A 2020 pledge by Latvia, Lithuania and Estonia to stop buying power from Belarus hasn’t stopped electricity from the country and its controversial Ostrovets nuclear plant from entering the EU.
That’s due to the dynamic way electricity zips through synchronized grids: the Baltics are still synced up with the Russian system, which includes Belarus.
Plans for the Baltics to disconnect from the Russian system and link up with the European continental grid instead won’t happen before 2025 at the earliest.
It’s a major worry for Lithuania, which pushed hard to obtain the regional agreement to block Belarusian imports once the Ostrovets plant was on the grid. There are concerns the new reactor has been rushed into operation without meeting safety standards, as highlighted by the European Nuclear Safety Regulators Group (ENSREG) in a 2018 report.
Ostrovets lies about 20 kilometers from the Lithuanian border and 200 kilometers from Poland. The plant was connected to the grid November 3, with the first of three new reactors ramped up to full capacity in January as part of pilot operations.
EU regulators are inspecting the plant this week as part of a voluntary check-up, but a draft preliminary report on their findings won’t be presented until the next ENSREG meeting on March 2 and 3. Belarus hopes to have Ostrovets begin commercial operations in March.
The European Council asked the European Commission in December to explore measures to block imports from non-EU countries should their nuclear power fail to meet EU standards, in a direct reference to the Ostrovets concerns.
Since the nuclear plant came online in November, official power trading at the Belarus-Lithuania border has been zero, according to Lithuanian transmission system operator LitGrid’s public electricity dashboard.
But Albinas Zananavičius, Lithuania’s deputy energy minister, said the physical flows through the grid tell a different story.
“Electricity being traded in the Latvian bidding zone shows as though it comes through the Latvian/Russian interconnection, but that interconnection is too weak to serve those huge amounts of electricity,” Zananavičius said. “In practice two-thirds of the electricity Latvia trades is being monetized in Riga but comes through our interconnection in Belarus.”
He said Lithuania would be presenting that data to the Commission, Latvia and Estonia this week in hopes the flaw can be addressed, as the European Parliament debates the safety of Ostrovets and its impact on the EU with Energy Commissioner Kadri Simson on Thursday morning.
Latvia acknowledged the issue, but said it could do little to stop it.
“In electricity, there are market issues like trade, and then there is physics — as long as there are power lines between Lithuania and Belarus, electricity will flow there, it’s just physics,” said Inga Iļjina, counselor for energy at Latvia’s permanent representation in Brussels.
Alternating current crackles back and forth over power lines, as every electricity plant connected to the grid pushes power onto the system, waiting for a destination to be sent to.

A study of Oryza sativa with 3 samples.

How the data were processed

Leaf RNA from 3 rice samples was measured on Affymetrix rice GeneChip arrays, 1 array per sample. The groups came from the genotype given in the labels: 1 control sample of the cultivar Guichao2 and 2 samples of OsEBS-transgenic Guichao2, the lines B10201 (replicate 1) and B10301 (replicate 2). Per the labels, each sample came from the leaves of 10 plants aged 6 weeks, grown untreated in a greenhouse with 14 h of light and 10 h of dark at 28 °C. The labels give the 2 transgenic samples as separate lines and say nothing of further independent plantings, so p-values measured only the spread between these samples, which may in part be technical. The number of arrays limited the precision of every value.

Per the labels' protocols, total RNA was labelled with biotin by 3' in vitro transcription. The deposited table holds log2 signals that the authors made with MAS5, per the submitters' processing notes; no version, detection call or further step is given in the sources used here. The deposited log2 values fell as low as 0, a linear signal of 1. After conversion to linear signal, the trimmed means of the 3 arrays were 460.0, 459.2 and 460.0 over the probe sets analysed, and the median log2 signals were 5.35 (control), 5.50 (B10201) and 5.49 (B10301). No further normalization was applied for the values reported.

“As long as the Ostrovets power plant will work, it will pressure electricity through the network, and this is close to Lithuania, so it will always pressure electricity through these lines,” Iljina said.
As a result, electricity officially sold by Russia to Latvia, which then sells to Lithuania, might actually physically just transit through Belarus as the quickest open path.
The Baltic blockade uses a system of certificates of origin to ensure the power they buy isn’t made in Belarus. But it’s not foolproof: theoretically, Russia could buy Belarusian power and sell it in the EU, claiming it was made in Russia.
Massimo Garribba, the Commission’s deputy director general for energy responsible for the coordination of Euratom policies, said during a January 14 hearing of the European Parliament’s energy committee that the Commission is willing to help strengthen the certificate of origin system.
One option would be to check stated origins against underlying commercial contracts.
“If our Lithuanian neighbors are worried, we are ready and open to discuss maybe some improvements in the system,” Iljina said.
Zananavičius said his immediate concern is that Belarus is using this week’s EU nuclear check-up mission as false proof that Ostrovets is safe and ready to start operations.
A statement Wednesday from the Belarusian energy ministry about the ongoing inspection claims that “no safety deficiencies have been identified at the [nuclear power plant]” by the EU team in its initial report.
But the voluntary stress tests are designed not to validate a plant’s readiness to operate — which ENSREG leaves to national regulators — but to test a plant’s risk and ability to withstand Fukushima-like accidents such as earthquakes, floods, and prolonged loss of power.
The review exercise is considered completed only when all safety recommendations have been implemented.
The Commission’s Garribba told MEPs at the January hearing that Belarus had not wanted an EU team to verify its progress on implementation of the 2018 recommendations at all, and that Commission President Ursula von der Leyen personally got involved to secure an agreement for a visit during the Eastern Partnership Leadership Summit in June.
The EU inspectors’ decision to split safety recommendations for Ostrovets into two sections — a high-priority list to be completed before commercial start-up, and other less key issues — is also stoking fears of an unwitting EU-rubberstamp for the site.
“The very fact that they are launching commercial operations before implementing all necessary safety recommendations is really worrying,” said Zananavičius. “For us, of course, the biggest danger is to our capital city, which is only 40 kilometers from the plant, but nuclear contamination could also reach wide areas in the EU, so many countries should be worried about this safety.”